Approaching abuse with that attitude is called victim blaming; it places the responsibility for resolving an abusive situation on the victim of the abuse, rather than holding the abuser responsible for his/her/zir actions. 

Ending an abusive relationship is complicated. The psychology of abuse makes it extremely difficult for victims of abuse to change their situation; threats of violence (against the victim or their loved ones), affection for the abuser, isolation from friends/family and other social resources, social censure—all of these factors play into perpetuating the cycle of abuse. Not to mention the staggering statistics of homicides that happen when the abused person leaves the abuser. About 70% of violence occurs even after the survivor has left the perpetrator.  

It is so important that we maintain a conversation about domestic violence in every way possible! Leslie Morgan Steiner, herself a victim of domestic violence, has taken initiative to spread awareness on the issue with her book Crazy Love and her TED Talks. 

That is why it’s good news to hear that Massachusetts lawmakers are compromising (yes, actual political compromise!) to instate legislation that will overhaul their treatment of domestic violence cases. The bill, finalized on this Wednesday, will create a first offense domestic violence assault and battery charge, establish a registry of domestic violence offenders, and provide education for judges and prosecutors about cycles of abuse. It will also establish a six-hour “cooling off” period before anyone arrested on charges of domestic violence can be arraigned or released on bail. Hopefully this period will help to de-escalate the situation and give the victim time to seek safety if necessary.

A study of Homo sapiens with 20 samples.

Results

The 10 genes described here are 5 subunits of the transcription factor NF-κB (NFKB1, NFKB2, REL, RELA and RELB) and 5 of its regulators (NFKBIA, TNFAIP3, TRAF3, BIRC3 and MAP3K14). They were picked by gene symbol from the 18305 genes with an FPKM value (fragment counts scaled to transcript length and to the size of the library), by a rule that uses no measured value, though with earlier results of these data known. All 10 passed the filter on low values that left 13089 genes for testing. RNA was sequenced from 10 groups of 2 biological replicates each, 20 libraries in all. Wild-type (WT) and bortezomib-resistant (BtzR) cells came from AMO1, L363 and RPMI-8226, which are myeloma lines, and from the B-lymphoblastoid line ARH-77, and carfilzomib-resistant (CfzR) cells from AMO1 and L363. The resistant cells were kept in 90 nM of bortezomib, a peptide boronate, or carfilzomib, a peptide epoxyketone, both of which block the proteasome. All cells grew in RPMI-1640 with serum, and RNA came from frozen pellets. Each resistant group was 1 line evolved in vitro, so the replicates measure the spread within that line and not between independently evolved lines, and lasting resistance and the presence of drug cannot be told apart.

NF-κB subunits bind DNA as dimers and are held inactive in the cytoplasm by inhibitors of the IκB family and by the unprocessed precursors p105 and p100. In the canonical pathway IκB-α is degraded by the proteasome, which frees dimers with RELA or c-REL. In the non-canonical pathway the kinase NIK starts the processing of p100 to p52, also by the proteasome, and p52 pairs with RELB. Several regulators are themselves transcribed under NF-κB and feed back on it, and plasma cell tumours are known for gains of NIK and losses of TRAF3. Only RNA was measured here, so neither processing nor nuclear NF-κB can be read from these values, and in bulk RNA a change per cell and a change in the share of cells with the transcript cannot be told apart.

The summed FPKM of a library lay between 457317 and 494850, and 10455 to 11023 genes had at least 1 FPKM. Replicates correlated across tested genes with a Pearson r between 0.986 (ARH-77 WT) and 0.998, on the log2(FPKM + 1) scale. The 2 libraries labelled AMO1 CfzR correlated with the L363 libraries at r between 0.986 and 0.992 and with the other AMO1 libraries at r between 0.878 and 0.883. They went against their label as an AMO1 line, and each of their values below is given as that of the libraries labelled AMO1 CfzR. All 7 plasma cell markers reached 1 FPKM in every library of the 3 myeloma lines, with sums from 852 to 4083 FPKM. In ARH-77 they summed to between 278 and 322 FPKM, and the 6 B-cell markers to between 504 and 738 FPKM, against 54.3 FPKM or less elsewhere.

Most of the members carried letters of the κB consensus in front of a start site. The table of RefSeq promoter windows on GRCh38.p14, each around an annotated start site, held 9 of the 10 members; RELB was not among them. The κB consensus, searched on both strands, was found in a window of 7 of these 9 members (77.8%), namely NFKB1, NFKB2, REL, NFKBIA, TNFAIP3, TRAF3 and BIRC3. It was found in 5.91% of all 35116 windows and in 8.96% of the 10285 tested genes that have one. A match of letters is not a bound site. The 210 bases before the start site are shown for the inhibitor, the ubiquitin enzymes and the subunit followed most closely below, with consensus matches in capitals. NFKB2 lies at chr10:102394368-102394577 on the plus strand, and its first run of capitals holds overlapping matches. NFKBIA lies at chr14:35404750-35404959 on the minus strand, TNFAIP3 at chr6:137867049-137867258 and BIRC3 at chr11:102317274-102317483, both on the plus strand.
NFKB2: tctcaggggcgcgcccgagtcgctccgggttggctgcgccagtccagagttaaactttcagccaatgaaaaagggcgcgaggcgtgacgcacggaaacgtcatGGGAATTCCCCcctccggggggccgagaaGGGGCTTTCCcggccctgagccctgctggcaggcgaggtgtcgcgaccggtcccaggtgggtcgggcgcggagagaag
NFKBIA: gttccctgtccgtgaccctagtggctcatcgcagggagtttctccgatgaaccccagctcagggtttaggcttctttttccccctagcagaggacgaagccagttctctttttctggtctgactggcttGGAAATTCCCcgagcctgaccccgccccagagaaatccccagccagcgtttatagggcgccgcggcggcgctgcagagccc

Rep. Garrett Bradley (D-Hingham), who participated in the compromise, says that the bill “empowers victims and plugs some gaps that were in the system up until today.”  

The bill will give judges and prosecutors access to a compiled record of an accused abuser’s history of domestic violence.  It also creates risk assessment teams made up of police, prosecutors, and advocates who will work together to recognize the signs of violence that have escalated to the point of being life-threatening. 

Massachusetts’ new bill is a great step forward!  Here’s to hoping that it prompts further discussion about domestic violence and its prevention. 

If you are struggling in a relationship that you think might be abusive, remember that you are not alone.  If you feel that you can, reach out!  You deserve help.  

 

Images courtesy of koronisfest.org, and 16days.thepixelproject.net.